Courtney Fullilove is an associate professor of history who teaches U.S. social history, environmental history, and the history of science and technology in global perspective at Wesleyan.
What sparked your interest in the environment?
I’m descended from families of farmers, and my father grew up on an agricultural experiment station in Georgia. So I’ve always been interested in the ways people interact with and manage their environments – what they value about them, and what they want to control or change.
Tell us about your Think Tank project and how it fits in with this year’s Think Tank theme of visualizing environmental change.
I’m working on a book about the history of biodiversity preservation, and the chapter I’m working on now is about the Red Lists of Threatened Species founded by the International Union for Conservation of Nature (IUCN) in 1964. My project for the Think Tank examines how, after 1992, the newly independent republics of the South Caucasus (Armenia, Georgia, and Azerbaijan) adapted and expanded the Soviet contribution to the IUCN Red List in 1964. The Red Lists were an international initiative to catalogue threats to biological diversity and did much to raise awareness of biological diversity, and to create pictorial catalogues of it for a popular audience. They also inspired the production of numerous regional Red Lists thereafter, bringing new ecological areas and political actors into an essentially nationalist project.
The larger book, The Uses of Biodiversity, is about the concept of biological diversity itself, and especially how it became an international policy category in the post-World War II period.
How did you become interested in the Red Lists of Threatened Species?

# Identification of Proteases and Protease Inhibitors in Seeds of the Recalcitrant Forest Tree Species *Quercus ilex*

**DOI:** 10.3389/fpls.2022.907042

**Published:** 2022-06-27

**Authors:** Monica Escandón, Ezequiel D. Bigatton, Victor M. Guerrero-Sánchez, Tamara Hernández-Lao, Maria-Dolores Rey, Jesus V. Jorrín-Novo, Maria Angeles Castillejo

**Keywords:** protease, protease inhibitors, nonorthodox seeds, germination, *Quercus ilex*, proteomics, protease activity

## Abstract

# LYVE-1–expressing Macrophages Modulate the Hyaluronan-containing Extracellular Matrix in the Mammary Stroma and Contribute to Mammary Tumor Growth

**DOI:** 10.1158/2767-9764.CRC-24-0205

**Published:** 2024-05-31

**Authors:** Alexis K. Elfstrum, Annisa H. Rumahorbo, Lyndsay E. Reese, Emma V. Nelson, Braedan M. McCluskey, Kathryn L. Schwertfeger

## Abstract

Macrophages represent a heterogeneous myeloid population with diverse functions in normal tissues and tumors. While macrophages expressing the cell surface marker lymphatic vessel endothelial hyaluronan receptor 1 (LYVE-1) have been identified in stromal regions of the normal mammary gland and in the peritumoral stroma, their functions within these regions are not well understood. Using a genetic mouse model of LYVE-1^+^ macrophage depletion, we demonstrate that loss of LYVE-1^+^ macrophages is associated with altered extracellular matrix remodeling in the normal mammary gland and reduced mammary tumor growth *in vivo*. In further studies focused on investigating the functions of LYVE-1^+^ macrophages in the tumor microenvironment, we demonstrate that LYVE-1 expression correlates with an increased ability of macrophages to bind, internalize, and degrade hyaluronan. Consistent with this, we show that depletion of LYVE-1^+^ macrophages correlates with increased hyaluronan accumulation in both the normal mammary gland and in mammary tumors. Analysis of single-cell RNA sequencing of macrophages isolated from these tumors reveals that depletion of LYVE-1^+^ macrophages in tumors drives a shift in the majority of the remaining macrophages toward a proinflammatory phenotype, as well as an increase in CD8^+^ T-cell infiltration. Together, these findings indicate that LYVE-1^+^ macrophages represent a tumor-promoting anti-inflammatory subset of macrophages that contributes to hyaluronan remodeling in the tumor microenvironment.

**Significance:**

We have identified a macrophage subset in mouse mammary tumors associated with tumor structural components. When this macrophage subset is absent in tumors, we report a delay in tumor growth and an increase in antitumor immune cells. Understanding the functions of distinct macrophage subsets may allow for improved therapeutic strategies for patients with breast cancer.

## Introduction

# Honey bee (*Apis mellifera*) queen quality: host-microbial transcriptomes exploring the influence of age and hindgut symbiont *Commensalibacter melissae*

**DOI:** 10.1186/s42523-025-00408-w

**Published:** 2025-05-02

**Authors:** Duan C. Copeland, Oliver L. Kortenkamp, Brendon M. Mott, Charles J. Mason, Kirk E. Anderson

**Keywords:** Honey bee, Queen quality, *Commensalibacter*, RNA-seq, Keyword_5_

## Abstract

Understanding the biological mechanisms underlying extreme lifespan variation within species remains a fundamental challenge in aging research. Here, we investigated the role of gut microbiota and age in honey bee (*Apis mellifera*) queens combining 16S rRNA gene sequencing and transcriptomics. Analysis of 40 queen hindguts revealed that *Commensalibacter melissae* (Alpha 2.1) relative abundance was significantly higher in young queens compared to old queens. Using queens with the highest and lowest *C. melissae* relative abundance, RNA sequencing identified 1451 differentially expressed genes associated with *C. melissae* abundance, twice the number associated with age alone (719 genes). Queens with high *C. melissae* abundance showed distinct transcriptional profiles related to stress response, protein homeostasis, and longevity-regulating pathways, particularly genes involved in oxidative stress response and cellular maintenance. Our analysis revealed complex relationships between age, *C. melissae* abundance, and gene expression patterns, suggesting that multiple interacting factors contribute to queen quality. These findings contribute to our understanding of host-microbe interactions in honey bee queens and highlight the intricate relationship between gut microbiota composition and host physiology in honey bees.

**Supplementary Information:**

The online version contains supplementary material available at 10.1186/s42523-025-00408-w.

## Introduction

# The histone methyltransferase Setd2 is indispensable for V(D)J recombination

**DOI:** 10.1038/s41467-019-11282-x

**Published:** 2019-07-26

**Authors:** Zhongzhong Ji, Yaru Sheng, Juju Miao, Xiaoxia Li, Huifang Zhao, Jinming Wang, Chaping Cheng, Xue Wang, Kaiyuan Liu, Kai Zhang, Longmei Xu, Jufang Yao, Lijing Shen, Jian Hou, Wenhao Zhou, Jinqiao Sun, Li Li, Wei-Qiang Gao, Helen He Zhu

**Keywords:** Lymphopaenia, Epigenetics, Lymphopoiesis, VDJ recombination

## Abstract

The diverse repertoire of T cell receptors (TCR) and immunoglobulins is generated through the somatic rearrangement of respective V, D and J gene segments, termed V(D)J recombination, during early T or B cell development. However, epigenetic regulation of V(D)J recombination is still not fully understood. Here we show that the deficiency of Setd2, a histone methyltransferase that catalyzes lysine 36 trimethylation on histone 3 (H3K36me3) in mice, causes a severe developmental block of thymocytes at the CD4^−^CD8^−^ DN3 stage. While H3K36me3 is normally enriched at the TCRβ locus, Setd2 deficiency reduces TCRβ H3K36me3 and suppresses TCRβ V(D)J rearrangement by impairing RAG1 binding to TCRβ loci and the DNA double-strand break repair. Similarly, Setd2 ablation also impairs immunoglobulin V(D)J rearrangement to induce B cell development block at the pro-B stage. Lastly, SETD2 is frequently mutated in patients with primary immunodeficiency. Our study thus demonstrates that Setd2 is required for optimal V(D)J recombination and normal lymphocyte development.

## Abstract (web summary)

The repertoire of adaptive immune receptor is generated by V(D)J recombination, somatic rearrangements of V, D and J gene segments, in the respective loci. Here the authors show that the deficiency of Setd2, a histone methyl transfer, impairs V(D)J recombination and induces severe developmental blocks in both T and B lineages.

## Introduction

As an aspect of my research on global food systems and agricultural biodiversity, I’ve participated in numerous collecting expeditions targeting local plants. The IUCN Red Lists remain canonical texts in some respects in characterizing biodiversity, so I became interested in them as we prepared for and conducted collecting expeditions in the North and South Caucasus and the Pamir Mountains. Inasmuch as the Red Lists mark endangered plants and animals, they also create catalogues of species protected from collection and hunting. Unfortunately prohibitions set the stage for illicit collecting, poaching, and other conflicts over local resources.
What makes the South Caucasus such an important region to explore as it relates to the Red Lists?
Theorists of biological and cultural diversity have paid a lot of attention to mountainous regions because of their isolation, which makes them preserves of unique plants, animals, languages, and traditions. (They are similar to islands in this respect.) The Caucasus is a good example of this. I have a special attachment to the region in part because it’s a place I’ve spent a significant amount of time, and in which I’ve participated in multiple seed collecting expeditions targeting traditional varieties and wild relatives of cultivated crops. I’m also interested in the ways claims about nature shape political identities, and vice versa. The South Caucasus is a useful object of study in this regard because of the divergent political and cultural identities of Georgia, Armenia, and Azerbaijan. (This has been brought into view recently by the renewal of conflict in the Nagorno-Karabakh region.)
What’s your background?
I’m an environmental historian and a historian of science. I was initially trained in U.S. history; but I’m interested in things like agriculture and food systems, which can’t be explained in solely national terms. My last book, The Profit of the Earth, was about the growth of U.S. agriculture, and the extent to which it relied on global seeds and agricultural knowledge spanning millennia.
Why did you want to be a member of the Think Tank and what do you hope to learn from your fellow fellows?
It’s great to have dedicated time to work on research projects and book manuscripts, but, even more so, to participate in an interdisciplinary group that can make you look at things you thought you knew well from a different angle. We all have our disciplinary periscopes, which (at best) open up new views, and (at worst) distort our vision. So it’s good have fresh perspectives on important topics we all care about.
I think we all understand environmental change as something that demands urgent attention and public action, and, as I said, have lots of different ideas as to how to mobilize. So I’m eager to hear those.